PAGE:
In the ideal world, every person would get tested for COVID-19. We would then isolate the people who tested positive and the world would move on. That is assuming COVID-19 testing is 100% accurate!
What COVID-19 test is being used?
The primary test used is a nucleic acid-based test . This mean it is detecting the viral RNA in these samples. The test is not a rapid “point of care” test. Therefor it cannot be performed quickly at home or at a doctor’s office. It requires samples to be collected and shipped to labs with special equipment. The test uses a quantitative method of amplifying the viral nucleic acid in the sample to the point of being able to measure it. It usually takes about 24 hours from the time of sample collection to the final test result, but times can vary. There is the push for a point of care test thereby giving near immediate results. There has also been a rumor of at home testing which is not anticipated soon.
Do we currently trust the COVID-19 test we have?
Our current test is a real-time RT-PCR test intended for the detection of nucleic acid from the 2019-nCoV in upper and lower respiratory specimens. There is no argument the US has lagged other advanced nations in COVID-19 testing. Former government officials/public health experts point to a series of decisions they say hindered the nation’s response to the pandemic. This includes the CDC’s attempt at creating their own test while preventing the release of other validated tests. Ultimately the test was flawed. To make matters worse, it is thought that some of the testing performed in China was only 43% accurate!
On February 29, FDA issued new guidance that allowed certain US labs to test for coronavirus using diagnostics. The labs developed and validated these tests. This was without the FDA reviewing them. It is understandable why the FDA has allowed this given the slow access to tests. On why it issued new guidance, the FDA said that “under the current circumstances, which are unlike any prior emergency we have seen, we think the benefit of access to certain tests outweigh the risks associated with launching tests prior to FDA review.”
Is sensitivity or specificity better for a killer virus?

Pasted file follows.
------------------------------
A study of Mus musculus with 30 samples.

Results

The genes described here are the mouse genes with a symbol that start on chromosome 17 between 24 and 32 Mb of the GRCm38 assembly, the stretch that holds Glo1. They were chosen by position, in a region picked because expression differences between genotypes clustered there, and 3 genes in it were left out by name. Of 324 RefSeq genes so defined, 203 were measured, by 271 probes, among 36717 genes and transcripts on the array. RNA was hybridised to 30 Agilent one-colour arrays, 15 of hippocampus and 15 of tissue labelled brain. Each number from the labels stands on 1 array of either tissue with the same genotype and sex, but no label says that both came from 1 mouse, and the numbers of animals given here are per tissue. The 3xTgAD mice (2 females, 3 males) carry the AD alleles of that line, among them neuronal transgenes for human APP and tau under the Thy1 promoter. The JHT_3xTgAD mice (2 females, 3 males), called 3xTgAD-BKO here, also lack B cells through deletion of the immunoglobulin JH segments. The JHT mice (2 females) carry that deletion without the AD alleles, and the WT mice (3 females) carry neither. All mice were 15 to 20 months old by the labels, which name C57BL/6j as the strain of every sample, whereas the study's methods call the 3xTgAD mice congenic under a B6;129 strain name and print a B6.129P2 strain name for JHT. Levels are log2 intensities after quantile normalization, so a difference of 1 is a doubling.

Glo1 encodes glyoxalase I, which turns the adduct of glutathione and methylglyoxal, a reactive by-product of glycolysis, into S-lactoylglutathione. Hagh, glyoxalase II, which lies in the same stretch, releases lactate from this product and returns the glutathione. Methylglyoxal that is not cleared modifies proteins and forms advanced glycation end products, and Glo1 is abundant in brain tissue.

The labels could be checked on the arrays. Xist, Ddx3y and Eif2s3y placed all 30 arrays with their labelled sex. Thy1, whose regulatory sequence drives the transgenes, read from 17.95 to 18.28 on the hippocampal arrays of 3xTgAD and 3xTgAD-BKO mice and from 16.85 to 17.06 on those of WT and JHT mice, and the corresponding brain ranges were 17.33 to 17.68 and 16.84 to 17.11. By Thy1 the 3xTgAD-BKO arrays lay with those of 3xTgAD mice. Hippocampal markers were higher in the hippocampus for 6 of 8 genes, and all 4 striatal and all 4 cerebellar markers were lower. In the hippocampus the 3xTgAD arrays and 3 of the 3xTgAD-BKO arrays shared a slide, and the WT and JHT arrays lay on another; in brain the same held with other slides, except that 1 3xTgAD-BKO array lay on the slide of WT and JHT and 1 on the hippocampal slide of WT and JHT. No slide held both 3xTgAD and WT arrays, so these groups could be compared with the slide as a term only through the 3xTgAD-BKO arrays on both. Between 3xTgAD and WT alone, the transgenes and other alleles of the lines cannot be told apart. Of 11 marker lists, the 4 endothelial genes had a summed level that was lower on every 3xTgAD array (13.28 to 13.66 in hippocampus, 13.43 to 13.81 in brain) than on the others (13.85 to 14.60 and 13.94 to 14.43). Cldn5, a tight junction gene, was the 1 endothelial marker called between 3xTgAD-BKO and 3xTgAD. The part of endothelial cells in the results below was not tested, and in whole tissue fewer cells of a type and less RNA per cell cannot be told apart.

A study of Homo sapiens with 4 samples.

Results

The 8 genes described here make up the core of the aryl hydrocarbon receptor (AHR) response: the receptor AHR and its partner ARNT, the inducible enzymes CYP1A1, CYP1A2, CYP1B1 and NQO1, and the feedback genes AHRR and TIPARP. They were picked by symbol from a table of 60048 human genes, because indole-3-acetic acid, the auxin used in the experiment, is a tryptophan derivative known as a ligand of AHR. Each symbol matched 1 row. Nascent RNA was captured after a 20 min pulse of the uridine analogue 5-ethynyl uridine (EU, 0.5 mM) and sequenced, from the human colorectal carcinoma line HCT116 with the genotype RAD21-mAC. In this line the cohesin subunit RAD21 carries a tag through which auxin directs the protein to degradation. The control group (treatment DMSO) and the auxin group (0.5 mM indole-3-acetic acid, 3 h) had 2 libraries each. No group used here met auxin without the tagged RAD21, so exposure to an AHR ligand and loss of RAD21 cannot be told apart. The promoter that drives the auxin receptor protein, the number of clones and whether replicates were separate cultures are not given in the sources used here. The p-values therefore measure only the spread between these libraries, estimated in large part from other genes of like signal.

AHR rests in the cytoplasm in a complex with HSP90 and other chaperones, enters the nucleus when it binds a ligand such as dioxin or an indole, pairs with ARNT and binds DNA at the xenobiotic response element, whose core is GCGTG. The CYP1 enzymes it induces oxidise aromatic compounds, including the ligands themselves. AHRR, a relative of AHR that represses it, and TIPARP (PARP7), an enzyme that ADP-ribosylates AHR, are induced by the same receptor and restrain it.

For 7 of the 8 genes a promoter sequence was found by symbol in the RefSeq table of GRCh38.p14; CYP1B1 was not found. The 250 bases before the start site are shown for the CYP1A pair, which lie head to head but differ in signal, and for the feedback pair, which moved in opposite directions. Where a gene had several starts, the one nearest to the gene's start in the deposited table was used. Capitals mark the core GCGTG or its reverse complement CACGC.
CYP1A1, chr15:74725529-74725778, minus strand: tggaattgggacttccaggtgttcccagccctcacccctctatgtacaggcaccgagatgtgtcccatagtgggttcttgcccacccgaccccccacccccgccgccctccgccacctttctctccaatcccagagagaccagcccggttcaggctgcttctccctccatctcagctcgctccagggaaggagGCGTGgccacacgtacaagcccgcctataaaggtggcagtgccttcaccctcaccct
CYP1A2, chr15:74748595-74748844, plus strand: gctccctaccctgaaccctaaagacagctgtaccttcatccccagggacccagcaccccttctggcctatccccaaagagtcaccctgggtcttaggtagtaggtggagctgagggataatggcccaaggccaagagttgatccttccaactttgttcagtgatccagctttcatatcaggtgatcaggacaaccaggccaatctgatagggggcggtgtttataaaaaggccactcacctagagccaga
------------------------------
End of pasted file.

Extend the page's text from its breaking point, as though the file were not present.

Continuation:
This may not be comforting as there are not the typical checks and balances to validate accuracy. It is somewhat disturbing we do not know exact sensitivity and specificity of these tests. As a result, this means it may come back positive in some people who are not infected with SARS-CoV-2 and negative in some people who are. If partial to wanting a higher sensitivity vs. higher specificity for a killer virus, it would be prudent to have a test more sensitive. The less likely it will miss real cases. At this time we will have to trust the companies providing the tests have done their job. Time will tell. The real numbers of sensitivity and specificity will be known in the future but may be fuzzy now.
How can we maximize the sensitivities?
This circles back to the specimen sample. If the test is the wild card, it makes the SPECIMEN COLLECTION VERY IMPORTANT. Remember, for this virus we are looking to do anything we can to maximize the sensitivity. The test is only as good as the specimen collected. If an adequate viral load is not collected with the specimen sample, the test cannot detect it.
Nasopharyngeal aspirate gives the highest sensitivities of all previously known viruses. If our goal is to accurately diagnose our patients suspected of having COVID-19, we should provide them with the best sample that results in the most accurate test. A nasopharyngeal aspiration is the answer.